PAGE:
Stocks sliding...Pound drops amid Brexit drama...Retail sales up...Walmart profits, JC Penney loses
NEW YORK (AP) — Stocks are sliding in morning trading on Wall Street, extending the market’s losing streak into a sixth day. Health care companies and banks have fallen the most so far. Johnson & Johnson and Citigroup each fell about 1 percent. Technology shares rose, with Cisco Systems climbing 4.5 percent.
LONDON (AP) — The British pound has fallen sharply after two ministers quit from Prime Minister Theresa May’s Cabinet in opposition to her plan for Britain’s departure from the European Union. A leader of the pro-Brexit faction in Britain’s Conservative Party has filed a letter of no-confidence in the prime minister. Under party rules, a no-confidence vote takes place if 15 percent of Conservative lawmakers write to the committee that oversees the leadership asking for one.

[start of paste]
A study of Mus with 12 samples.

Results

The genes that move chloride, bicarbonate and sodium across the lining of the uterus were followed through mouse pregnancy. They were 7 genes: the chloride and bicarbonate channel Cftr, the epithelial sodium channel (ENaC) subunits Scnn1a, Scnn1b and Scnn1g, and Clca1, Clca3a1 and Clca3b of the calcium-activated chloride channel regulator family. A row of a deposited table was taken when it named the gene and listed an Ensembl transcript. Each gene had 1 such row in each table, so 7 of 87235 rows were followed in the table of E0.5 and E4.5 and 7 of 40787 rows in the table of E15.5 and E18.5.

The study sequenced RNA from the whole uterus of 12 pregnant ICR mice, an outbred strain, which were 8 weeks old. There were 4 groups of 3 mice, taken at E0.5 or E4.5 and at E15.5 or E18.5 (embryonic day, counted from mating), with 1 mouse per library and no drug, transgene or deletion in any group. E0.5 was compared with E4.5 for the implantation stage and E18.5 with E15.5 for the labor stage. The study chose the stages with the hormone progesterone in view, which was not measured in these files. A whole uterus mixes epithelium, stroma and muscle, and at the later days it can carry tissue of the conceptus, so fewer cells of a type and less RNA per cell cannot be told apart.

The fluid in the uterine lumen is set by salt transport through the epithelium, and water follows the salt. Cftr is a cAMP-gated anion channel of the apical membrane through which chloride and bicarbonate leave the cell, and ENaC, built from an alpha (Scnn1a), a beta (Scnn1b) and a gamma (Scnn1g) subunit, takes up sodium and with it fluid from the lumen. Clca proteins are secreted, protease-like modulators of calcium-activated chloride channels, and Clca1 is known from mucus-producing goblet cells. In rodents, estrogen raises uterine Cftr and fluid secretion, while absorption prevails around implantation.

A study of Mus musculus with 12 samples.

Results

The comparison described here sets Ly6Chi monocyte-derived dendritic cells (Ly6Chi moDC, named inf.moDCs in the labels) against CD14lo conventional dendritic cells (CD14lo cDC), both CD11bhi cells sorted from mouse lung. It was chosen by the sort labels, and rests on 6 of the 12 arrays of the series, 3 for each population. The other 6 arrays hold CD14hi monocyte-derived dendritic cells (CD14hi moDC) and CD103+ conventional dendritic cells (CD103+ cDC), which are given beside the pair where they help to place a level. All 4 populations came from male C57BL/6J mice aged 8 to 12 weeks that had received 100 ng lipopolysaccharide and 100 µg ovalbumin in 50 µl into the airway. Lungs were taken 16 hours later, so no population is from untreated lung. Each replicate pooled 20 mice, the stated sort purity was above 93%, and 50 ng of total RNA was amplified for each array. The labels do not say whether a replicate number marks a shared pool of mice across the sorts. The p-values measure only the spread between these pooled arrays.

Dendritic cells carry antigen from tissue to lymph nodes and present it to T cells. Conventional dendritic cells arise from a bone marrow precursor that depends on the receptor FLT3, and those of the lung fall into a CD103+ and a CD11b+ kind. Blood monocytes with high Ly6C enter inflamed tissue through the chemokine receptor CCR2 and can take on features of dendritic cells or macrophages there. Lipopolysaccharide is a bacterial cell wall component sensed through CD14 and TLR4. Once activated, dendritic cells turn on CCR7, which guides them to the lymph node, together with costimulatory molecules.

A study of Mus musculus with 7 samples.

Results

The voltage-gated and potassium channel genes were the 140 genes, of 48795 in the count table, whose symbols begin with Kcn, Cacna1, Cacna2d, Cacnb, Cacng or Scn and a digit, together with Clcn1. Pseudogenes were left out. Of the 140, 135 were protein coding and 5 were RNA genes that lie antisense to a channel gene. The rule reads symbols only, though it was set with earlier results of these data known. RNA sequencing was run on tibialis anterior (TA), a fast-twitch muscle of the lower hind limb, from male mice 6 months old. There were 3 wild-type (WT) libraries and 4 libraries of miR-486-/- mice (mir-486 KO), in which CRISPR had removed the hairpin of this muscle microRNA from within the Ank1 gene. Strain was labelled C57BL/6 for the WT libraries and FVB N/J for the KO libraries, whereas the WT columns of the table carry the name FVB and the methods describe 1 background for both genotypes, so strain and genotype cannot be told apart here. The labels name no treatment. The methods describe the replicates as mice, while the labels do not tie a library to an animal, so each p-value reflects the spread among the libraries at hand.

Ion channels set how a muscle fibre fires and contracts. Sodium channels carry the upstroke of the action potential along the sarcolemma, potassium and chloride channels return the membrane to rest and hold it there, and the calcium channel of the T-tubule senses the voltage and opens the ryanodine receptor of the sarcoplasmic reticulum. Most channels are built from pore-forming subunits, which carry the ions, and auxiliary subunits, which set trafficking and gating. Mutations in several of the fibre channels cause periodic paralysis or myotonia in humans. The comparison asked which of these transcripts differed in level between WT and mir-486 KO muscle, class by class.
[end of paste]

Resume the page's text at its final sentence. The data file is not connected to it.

WASHINGTON (AP) — Retail sales rose at a healthy pace in October, though the gains were likely boosted by one-time factors such as hurricane recovery spending and higher gas prices. The Commerce Department says sales were up a seasonally adjusted 0.8 percent last month, following two months of slight declines.
UNDATED (AP) — A couple of retailers are reporting very different financial results. Walmart is raising profit expectations for the year after seeing a surge in online sales along with strong performances at established stores. The company posted third-quarter earnings of $1.71 billion, or 58 cents per share. J.C. Penney, on the other hand, has withdrawn its profit guidance and lowered its sales expectations for the year. The company reported a loss of $151 million in its third quarter.
WASHINGTON (AP) — City leaders in the nation’s capital are trying to rein in Airbnb and other short-term rental companies. The D.C. City Council has voted to restrict short-term rentals to primary residences, and limit rentals in which the owner is absent to 90 days per year. The bill also prohibits property owners from renting out second homes for short periods of time. Airbnb says the council is “depriving D.C. residents of $64 million in supplemental income annually.” Airbnb is suing the city of Boston over a similar measure.